Starting Date 18 September 1998


Day 5


Case Number AM 3381/96




This is an application for amnesty pursuant to Section 18 of the Promotion of National Unity and Reconciliation, Act No 34 of 1995. The applicant, Sonnyboy Johannes Sibiya, was convicted on 25 February 1994 in the Eastern Circuit of the then Supreme Court of the murder of Vusimuzi Ephraim Dludlu on 17 October 1992 at Emzinoni, Bethal in the then Transvaal. He was sentenced to 15 years' imprisonment. He applies for amnesty in this hearing in respect of this conviction and sentence. The Dludlu family had received notice in terms of Section 19(4) of the Act, and the Committee was informed that the parents of the deceased had no wish to attend the hearing.

The applicant testified and confirmed his affidavit, which forms part of the record, as well as the three application forms which form part of the bundle of the documents before us. Applicant joined the PAC in 1985 whilst still a scholar. In 1991 he joined the PAC Task Force whose duties he described as the protection of PAC members and their homes. Soon after this he was sent to the then Transkei for basic training under the auspices of the Azanian People's Liberation Army, APLA. After a short stay at Efolweni in KwaZulu-Natal, he was deployed in Emzinoni.

The applicant described a situation of ongoing political conflict between members of the PAC and members of the ANC. He related a number of incidents in which people were killed, homes burnt and people forced to leave the township. He says he took steps to report the problems caused by this conflict to APLA's director of operations, but was unable to contact him. He then managed to speak to one Mandla who he says was APLA's regional commander for the Highveld area. He met with Mandla at Mbalenhle, and after explaining the situation to him, received orders to identify the ANC ring leaders and attack them, as this would prevent further attacks on PAC people. Applicant said that he received this order in early 1992 and then set about identifying the culprits. He explained that he was unable to do this on a full time basis as he was engaged in other activities for APLA and the PAC.

By 15 October 1992 the applicant had sufficient information and went out that night on an operation in search of the ANC ring leaders. The operation was unsuccessful. Applicant said that on 17 October 1992 he eventually did locate the deceased and another person at a shop. He said that the deceased and this other person had been identified as some of these ANC culprits. He called the deceased over to him and after trying to negotiate and reason with the deceased about the conflict, he shot him twice with a .38 Special firearm. It is common cause that the deceased was killed as a result of these shots.

Other relevant aspects of the applicant's evidence were:

1. He explained certain differences between the various application forms and his evidence on the basis that the forms had been completed on his behalf by one Vendi, a person who claimed to be more fluent in English than he. He attributed these difference to a breakdown of communication between them.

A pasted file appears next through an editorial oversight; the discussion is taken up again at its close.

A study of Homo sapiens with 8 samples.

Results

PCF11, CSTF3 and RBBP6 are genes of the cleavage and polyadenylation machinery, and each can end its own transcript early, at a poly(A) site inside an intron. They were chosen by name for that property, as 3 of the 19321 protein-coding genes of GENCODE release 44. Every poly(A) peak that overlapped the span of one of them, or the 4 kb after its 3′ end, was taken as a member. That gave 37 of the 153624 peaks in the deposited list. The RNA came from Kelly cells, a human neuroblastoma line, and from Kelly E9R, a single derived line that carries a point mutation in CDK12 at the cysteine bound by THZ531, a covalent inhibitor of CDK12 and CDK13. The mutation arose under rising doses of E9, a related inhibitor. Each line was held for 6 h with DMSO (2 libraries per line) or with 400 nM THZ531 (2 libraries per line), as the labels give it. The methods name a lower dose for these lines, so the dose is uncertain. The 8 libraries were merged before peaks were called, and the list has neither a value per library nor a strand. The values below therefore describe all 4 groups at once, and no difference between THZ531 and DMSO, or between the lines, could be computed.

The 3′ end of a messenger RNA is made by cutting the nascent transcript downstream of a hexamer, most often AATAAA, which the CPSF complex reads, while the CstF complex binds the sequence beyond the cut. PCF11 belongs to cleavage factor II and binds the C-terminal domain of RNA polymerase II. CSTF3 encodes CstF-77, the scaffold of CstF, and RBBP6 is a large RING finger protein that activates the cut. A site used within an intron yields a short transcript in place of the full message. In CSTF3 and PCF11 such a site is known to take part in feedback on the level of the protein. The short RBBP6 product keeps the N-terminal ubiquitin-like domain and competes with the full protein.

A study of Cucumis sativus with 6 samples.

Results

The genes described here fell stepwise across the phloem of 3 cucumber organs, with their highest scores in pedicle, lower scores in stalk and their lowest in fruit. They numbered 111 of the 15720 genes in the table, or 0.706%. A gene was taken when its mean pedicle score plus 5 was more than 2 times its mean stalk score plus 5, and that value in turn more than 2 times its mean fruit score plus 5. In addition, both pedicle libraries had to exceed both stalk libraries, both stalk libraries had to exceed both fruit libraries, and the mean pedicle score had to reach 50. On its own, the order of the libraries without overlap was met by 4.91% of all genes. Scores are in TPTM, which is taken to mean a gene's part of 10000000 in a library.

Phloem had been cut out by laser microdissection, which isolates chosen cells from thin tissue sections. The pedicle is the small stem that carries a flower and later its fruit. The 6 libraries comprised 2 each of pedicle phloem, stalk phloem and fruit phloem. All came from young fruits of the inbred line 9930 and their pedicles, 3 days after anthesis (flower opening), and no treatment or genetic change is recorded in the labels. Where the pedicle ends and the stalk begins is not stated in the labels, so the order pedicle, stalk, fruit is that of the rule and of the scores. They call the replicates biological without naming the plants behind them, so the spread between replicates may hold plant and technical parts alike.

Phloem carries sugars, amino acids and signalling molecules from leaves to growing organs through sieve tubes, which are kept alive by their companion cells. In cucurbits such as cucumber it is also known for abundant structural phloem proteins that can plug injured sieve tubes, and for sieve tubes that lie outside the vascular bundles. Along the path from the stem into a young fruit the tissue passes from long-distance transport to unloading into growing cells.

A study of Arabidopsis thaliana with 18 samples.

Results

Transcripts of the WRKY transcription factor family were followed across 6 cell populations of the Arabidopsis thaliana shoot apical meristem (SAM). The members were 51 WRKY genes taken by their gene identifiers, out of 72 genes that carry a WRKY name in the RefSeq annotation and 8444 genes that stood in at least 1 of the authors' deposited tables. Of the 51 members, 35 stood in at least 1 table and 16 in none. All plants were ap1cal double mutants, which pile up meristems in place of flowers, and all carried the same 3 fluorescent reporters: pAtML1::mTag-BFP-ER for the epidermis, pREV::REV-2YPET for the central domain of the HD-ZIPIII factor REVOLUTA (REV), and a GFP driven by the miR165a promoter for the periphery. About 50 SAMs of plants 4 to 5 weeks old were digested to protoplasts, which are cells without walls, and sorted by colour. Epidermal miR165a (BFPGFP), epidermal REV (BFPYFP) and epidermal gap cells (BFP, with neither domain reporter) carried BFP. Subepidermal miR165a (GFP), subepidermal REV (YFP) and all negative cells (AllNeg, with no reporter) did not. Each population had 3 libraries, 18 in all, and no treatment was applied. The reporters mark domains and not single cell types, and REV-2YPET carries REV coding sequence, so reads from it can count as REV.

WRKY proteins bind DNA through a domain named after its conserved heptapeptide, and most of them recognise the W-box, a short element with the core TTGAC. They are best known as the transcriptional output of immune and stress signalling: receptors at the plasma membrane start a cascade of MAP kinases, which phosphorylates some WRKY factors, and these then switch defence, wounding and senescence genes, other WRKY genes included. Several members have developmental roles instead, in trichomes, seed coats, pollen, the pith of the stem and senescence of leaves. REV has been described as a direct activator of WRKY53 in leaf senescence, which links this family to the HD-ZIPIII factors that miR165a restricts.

2. He denied any suggestion that he had been motivated by feelings of revenge against the deceased who had been a suspect in an attack some two and a half years before the murder on his uncle's home which resulted in the death of three members of his family.

3. He said that Mandla had promised to supply him with a weapon, but that this had only arrived at a later stage.

This was the only evidence before us initially.

However, fortuitously a member of the PAC's NEC, Mr Jabulani Khumalo, who had testified in another matter before us, agreed to assist the Committee in relation to this matter. He testified that there had in fact been conflict between the PAC and ANC from 1990 until 1992/93. He said that this conflict affected a number of areas including Emzinoni and that it was finally resolved by negotiation. He was aware that APLA cadres were deployed in those areas where attempts at negotiation had failed to prevent further conflict. He said he had knowledge of these matters, because at the time he had been a PAC leader in the East Rand. No further evidence was led before us.

Although there were a number of concerns raised by the evidence leader in respect of the applicant's testimony, he conceded that no evidence was led in relation to such matters. In the result the Committee is left to decide the matter on the evidence before it.

It is clear that the applicant was a member of the PAC and had received training under APLA's auspices and thus was a member of a publicly known liberation movement. It is also clear that he acted on behalf of, and in support of such movement bona fide in the context of the conflict between it and the ANC. The applicant's conduct is thus held to be an act associated with a political objective as envisaged in Section 20(2), read with Section 20(3) of the Act.

Despite the concerns raised referred to above, we are satisfied that on the evidence before us the applicant has made full disclosure of all material facts. He does not appear to have acted for personal gain, personal malice, ill-will or spite. Accordingly we grant the applicant amnesty for the murder of Vusimuzi Ephraim Dludlu on 17 October 1992 at Emzinoni, Bethal in the then Transvaal. The matter of the death of Vusimuzi Ephraim Dludlu is referred to the Reparations and Rehabilitation Committee pursuant to Section 22(1) of the Act. That's the decision in respect of the application of Sibiya.